Identification, Images, & Information
For Insects, Spiders & Their Kin
For the United States & Canada
Clickable Guide
Moths Butterflies Flies Caterpillars Flies Dragonflies Flies Mantids Cockroaches Bees and Wasps Walkingsticks Earwigs Ants Termites Hoppers and Kin Hoppers and Kin Beetles True Bugs Fleas Grasshoppers and Kin Ticks Spiders Scorpions Centipedes Millipedes

Calendar
Upcoming Events

Information about the 2019 BugGuide Gathering in Louisiana, July 25-27

Discussion, insects and people from the 2018 gathering in Virginia, July 27-29

Photos of insects and people from the 2015 gathering in Wisconsin, July 10-12

Photos of insects and people from the 2014 gathering in Virginia, June 4-7.

Photos of insects and people from the 2013 gathering in Arizona, July 25-28

Photos of insects and people from the 2012 gathering in Alabama

Photos of insects and people from the 2011 gathering in Iowa


TaxonomyBrowseInfoImagesLinksBooksData
Photo#113370
Ground Beetle - Cynaeus angustus

Ground Beetle - Cynaeus angustus
Brooklyn, Kings County, New York, USA
May 25, 2007
Size: ~5.5mm
Something in Harpalinae perhaps.

Images of this individual: tag all
Ground Beetle - Cynaeus angustus Ground Beetle - Cynaeus angustus

Moved
Moved from Darkling Beetles.

 
i hope the experts will chek & hopefully confirm
the fact that this bastard is not even in the same subfamily as the mealworms [from which it's visually indistinguishable] drives me crazy -- despite the fact that i learned by the age of 18 that deceptive looks is what this family is all about

 
BTW
Found several more images on Google. The best was a high quality image on a German website here.

The common names often used are "larger black flour beetle" and "large black flour beetle".

 
indeed-- nice picture!
do you know that that site is a one-man operation, and the guy has a day job [nothing to do with entomology] and takes pictures only of specimens he collects himself?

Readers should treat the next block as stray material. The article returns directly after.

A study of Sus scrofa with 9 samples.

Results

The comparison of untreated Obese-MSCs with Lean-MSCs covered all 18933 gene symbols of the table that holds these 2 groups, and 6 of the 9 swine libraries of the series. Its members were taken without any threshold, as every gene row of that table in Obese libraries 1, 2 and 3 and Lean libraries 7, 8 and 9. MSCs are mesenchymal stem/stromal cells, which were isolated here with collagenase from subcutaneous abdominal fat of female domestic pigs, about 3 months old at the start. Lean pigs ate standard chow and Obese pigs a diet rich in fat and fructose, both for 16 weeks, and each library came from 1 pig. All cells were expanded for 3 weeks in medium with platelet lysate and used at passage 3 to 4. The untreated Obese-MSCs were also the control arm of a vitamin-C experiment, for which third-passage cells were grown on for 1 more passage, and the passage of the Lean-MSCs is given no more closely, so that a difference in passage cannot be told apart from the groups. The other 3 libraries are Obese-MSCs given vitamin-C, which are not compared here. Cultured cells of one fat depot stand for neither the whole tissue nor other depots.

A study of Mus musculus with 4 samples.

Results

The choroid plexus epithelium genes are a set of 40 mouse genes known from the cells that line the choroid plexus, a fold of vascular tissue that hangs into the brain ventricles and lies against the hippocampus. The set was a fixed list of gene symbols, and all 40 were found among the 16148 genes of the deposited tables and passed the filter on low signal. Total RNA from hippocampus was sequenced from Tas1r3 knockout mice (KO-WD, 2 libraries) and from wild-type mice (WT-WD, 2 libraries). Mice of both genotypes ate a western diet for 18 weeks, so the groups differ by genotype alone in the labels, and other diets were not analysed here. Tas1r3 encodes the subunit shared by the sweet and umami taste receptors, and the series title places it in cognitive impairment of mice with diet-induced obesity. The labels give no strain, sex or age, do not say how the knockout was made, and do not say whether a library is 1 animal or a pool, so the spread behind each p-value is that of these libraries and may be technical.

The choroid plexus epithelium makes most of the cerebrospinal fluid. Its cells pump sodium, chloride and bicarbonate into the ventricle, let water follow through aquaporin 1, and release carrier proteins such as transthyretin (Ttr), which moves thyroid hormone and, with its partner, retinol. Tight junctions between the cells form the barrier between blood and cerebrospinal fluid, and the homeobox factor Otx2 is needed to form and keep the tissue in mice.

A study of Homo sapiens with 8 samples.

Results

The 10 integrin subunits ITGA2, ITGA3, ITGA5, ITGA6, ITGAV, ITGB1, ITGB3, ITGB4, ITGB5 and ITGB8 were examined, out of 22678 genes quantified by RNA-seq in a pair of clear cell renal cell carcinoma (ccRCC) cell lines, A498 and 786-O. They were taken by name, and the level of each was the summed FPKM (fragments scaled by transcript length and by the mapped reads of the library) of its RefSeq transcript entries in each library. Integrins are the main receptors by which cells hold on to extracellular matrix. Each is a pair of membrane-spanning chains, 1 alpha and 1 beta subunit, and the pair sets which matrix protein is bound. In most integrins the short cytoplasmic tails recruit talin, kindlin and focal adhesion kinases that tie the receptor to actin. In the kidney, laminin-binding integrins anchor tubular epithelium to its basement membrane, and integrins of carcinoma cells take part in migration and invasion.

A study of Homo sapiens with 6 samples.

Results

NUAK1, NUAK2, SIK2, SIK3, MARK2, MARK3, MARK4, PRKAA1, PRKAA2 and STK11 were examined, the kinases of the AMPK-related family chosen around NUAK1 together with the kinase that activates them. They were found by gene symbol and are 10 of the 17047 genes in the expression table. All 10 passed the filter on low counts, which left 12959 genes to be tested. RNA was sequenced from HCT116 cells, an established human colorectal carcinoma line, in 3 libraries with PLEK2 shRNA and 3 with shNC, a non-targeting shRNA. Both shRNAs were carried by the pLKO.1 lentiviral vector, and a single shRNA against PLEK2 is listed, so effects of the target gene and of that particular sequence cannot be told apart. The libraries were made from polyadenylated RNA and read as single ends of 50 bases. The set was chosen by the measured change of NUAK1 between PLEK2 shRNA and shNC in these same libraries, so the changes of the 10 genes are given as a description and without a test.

i may have solved this:
look at which is a clone of the MCZ type and looks very similar to your pix, too -- even has the same exact size!

 
ID confirmed by Warren Steiner:
"Yes, definitely Cynaeus angustus. Native to SW US but spread rapidly eastward with agriculture, grain storage, etc. and sometimes found under bark, hay bales & debris."

Then . . .
it probably is something new for the guide.

 
. . . but from the old world?
any chance this could be Alphitobius, possibly A. laevigatus? Looking through Downie and Arnett for this size and characteristics seems to have Alphitobius as a possibility, listed as introductions from Europe. The curved pronotum sides are intriguing. But I could also be way off.

 
this one is tricky, it seems.
I cannot confirm your last guess. Species of that genus are stouter and more convex, rather resembling Platydema then Tenebrio. Look yourself:
Alphitobius diaperinus
Alphitobius laevigatus

 
thanks Boris
Yes, I saw those images, but thought perhaps the dead ones with their legs and head tucked in might appear stouter. The punctation on the elytra intervals of Alphitobius is what really gave me concern, as I'm not sure I see that on Steve's photo.

I thought there had been a Tenebrionidae specialist visiting BugGuide, but I'm blanking on the name. I guess we'll keep looking.

 
Kojun Kanda
is our teneb specialist.

please move to family only!
To me, it looks different from T.molitor. What´s the size? I guess, because of the cloth it sits on, it will be less than 10 mm - what safely excludes the true mealworm beetles.

 
About 6 mm
I counted the stitches in the fabric weave (I'm using a bed sheet). 27 stiches per cm. It's under 10 mm.

No, it's a tenebrionid
something akin to a mealwo*rm beetle.

 
thanks
That looks very good. Only two species in Tenebrio in North America, though, and nothing else in the subfamily looks that close. do you think it's Tenebrio molitor?

 
Yes.
The other species seems to have longer legs. I'd move it to Tenebrio molitor.

Comment viewing options
Select your preferred way to display the comments and click 'Save settings' to activate your changes.